The Truth About Lauren Graham And Scott Patterson's Rumored On-Set Feud

"Gilmore Girls" centered on the lives of the mother-daughter duo, Lorelai Gilmore (Lauren Graham) and Rory Gilmore (Alexis Bledel), as they navigated small-town living in Stars Hollow. And while their duo's close-knit relationship was the center of the show, the supporting cast perfectly rounded out the series. Second only to the girls was the friendship and eventual relationship between Graham's characters, Lorelai, and Luke Danes (Scott Patterson).

Over seven seasons of "Gilmore Girls” and the 2016 revival, "Gilmore Girls: A Year In The Life," Luke and Lorelai's scorching chemistry transformed into an on-again-off-again relationship, which culminated in an eventual marriage. Despite the sweet onscreen relationship between their characters, rumors of contention between Graham and Patterson have swirled for years. According to Cheatsheet, it all started when Graham curtly replied "no" to the question of whether or not she and Patterson were "best friends," then moved on to the reporter's other questions. Apparently, this was all it took for fans' and journalists' imaginations to run wild.

In 2007, a reporter for TV Guide even mentioned to Graham that "conspiracy theorists" thought Lorelai's relationship with Christopher Hayden (David Sutcliffe) was fueled by her "prickly relationship with Scott Patterson." Graham maintained the situation was "overblown." She also mentioned that the Lorelai/Christopher romance was influenced as a result of wanting to keep the show fresh. As for how she felt about working with Patterson, Graham said things were "totally great" and they had a "working relationship."

Scott Patterson's thoughts on Lauren Graham

Over the years, Scott Patterson has also fielded questions about working with Lauren Graham on the long-running comedy. And like Graham, he's had nothing but pleasant things to say about his former onscreen love. During a 2016 press junket for "Gilmore Girls: A Year In The Life," the actor implied to Glamour that he actually had a little crush on Graham when they first met. "I thought, 'You know, uh-oh. Let's keep this professional! Let's just keep it professional as long as possible and not blow up the show!'"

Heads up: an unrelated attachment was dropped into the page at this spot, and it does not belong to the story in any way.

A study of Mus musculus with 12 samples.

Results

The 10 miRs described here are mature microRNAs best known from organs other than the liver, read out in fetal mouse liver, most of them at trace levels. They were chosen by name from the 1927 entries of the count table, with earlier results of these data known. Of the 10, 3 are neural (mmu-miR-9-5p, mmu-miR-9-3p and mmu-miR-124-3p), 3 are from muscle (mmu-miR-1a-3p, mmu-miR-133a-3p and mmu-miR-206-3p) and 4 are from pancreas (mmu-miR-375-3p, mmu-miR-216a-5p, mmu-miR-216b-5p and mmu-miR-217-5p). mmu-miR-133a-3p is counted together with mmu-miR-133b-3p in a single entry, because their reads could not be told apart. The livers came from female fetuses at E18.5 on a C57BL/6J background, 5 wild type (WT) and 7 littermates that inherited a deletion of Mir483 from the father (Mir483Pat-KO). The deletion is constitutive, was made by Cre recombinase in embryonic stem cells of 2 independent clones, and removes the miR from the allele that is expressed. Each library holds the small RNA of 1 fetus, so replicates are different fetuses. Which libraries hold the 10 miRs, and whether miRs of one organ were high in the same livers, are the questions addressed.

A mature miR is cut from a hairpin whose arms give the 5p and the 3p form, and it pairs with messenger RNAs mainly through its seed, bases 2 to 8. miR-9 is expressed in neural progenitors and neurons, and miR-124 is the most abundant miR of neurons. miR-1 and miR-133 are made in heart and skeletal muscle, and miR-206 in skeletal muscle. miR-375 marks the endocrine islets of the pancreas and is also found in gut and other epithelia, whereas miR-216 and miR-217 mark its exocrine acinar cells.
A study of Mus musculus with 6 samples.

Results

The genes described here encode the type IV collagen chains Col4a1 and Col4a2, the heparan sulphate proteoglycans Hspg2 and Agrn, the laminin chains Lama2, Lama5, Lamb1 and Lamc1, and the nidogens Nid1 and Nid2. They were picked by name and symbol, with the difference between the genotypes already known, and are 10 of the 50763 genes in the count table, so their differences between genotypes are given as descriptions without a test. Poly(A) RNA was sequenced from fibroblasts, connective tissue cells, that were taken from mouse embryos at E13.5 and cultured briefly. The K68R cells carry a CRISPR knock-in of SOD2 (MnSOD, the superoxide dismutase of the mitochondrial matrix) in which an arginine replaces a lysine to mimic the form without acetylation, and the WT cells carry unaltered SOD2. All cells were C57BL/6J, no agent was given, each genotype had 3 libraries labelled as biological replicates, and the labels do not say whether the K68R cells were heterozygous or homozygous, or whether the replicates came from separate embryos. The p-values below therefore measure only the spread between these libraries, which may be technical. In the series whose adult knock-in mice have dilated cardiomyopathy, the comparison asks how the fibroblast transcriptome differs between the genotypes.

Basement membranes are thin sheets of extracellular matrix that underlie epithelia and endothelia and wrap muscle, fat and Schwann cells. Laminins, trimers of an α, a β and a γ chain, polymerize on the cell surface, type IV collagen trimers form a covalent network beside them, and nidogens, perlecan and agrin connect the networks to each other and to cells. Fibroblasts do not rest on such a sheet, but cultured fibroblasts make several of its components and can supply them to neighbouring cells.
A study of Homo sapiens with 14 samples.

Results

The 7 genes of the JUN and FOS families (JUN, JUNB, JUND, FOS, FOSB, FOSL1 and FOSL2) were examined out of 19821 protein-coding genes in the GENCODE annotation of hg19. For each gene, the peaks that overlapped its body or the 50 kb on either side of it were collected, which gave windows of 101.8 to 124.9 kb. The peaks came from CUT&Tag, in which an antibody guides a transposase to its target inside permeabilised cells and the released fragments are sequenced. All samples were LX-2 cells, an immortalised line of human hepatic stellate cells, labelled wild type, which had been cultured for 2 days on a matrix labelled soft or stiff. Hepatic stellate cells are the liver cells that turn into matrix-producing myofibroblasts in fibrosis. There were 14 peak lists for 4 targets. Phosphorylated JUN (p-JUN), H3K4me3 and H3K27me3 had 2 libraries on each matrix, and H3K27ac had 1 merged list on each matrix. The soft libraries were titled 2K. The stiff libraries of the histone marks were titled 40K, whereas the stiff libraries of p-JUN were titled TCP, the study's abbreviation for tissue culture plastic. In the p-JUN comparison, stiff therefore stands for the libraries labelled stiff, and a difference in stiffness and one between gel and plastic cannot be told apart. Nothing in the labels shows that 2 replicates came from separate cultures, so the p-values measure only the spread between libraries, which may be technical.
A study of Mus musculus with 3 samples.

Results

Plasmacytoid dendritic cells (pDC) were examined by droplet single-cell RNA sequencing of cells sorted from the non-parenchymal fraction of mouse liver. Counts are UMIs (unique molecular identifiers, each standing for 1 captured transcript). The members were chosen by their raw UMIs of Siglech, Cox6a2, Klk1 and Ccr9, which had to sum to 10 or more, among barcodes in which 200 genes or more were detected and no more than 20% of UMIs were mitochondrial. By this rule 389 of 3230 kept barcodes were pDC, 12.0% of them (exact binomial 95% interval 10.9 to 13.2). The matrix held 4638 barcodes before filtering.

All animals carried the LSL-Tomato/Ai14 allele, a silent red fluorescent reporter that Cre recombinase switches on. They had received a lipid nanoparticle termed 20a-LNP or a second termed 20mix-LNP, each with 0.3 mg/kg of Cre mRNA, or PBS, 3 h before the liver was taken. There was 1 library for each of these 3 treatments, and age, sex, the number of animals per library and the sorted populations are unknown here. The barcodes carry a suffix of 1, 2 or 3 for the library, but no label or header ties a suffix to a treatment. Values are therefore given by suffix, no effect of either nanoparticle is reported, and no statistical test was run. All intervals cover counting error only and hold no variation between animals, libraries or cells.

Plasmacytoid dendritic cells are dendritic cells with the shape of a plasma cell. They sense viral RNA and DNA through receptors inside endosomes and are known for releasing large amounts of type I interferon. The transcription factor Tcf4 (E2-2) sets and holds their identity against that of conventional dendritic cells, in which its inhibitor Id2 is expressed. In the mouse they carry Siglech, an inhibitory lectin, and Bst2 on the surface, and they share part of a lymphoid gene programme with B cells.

When asked if she and Graham achieved professionalism, he replied: "Yeah! Because I knew it would go for a long time! I was seeing somebody, anyway. I think she was too. And she probably wasn't interested in me. That matters little to me. So yeah, listen, the whole thing just worked. The chemistry was there." Patterson also once revealed that he and Graham bonded over the need to kick their smoking habit. Apparently, the series' famously fast-paced dialogue was difficult to execute and they both quit smoking just to keep up. "She needed her wind," Patterson admitted to the New York Times, referencing Graham. "And I needed my wind." 

There's also the fact that, when the cast gathered on The Today Show for the show's 15th anniversary, Patterson didn't hesitate to state he'd be "all in" if the opportunity to do a "Gilmore Girls" movie ever arose. Yeah, definitely doesn't sound like a feud!

Scott Patterson's other rumored onset feud

Despite Lauren Graham putting rest to the rumors that she and Scott Patterson had bad blood between them, not all of his co-stars shared that same sentiment. Following the 2006 finale of "Gilmore Girls," Patterson landed a starring role as Gary Tolchuck in the 2007 show, "Aliens In America." The half-hour comedy followed centered on a middle-class family hosting an international exchange student and the many hijinx that ensued.

Gary Tolchuck, the family's patriarch, was married to Amy Tulchuck, played by Amy Pietz. While Pietz has fond memories of the onscreen relationship, her opinion of their working relationship was not so great. Prompted by a conversation about finding chemistry in her costars, Peitz shared with Page Six that she sometimes thinks she "should be a casting director" because she can "spot stars a mile away." This, in turn, helps her to "stay away from projects that have horrible people involved."

Peitz added, "As great as 'Aliens in America' was, the guy who played my husband was ... horrible. And I don't mind saying that in public. And that experience was one I never want to repeat, so now I'm doubly careful." While Pietz didn't elaborate why she feels that way about Patterson, they clearly didn't have that same unique chemistry.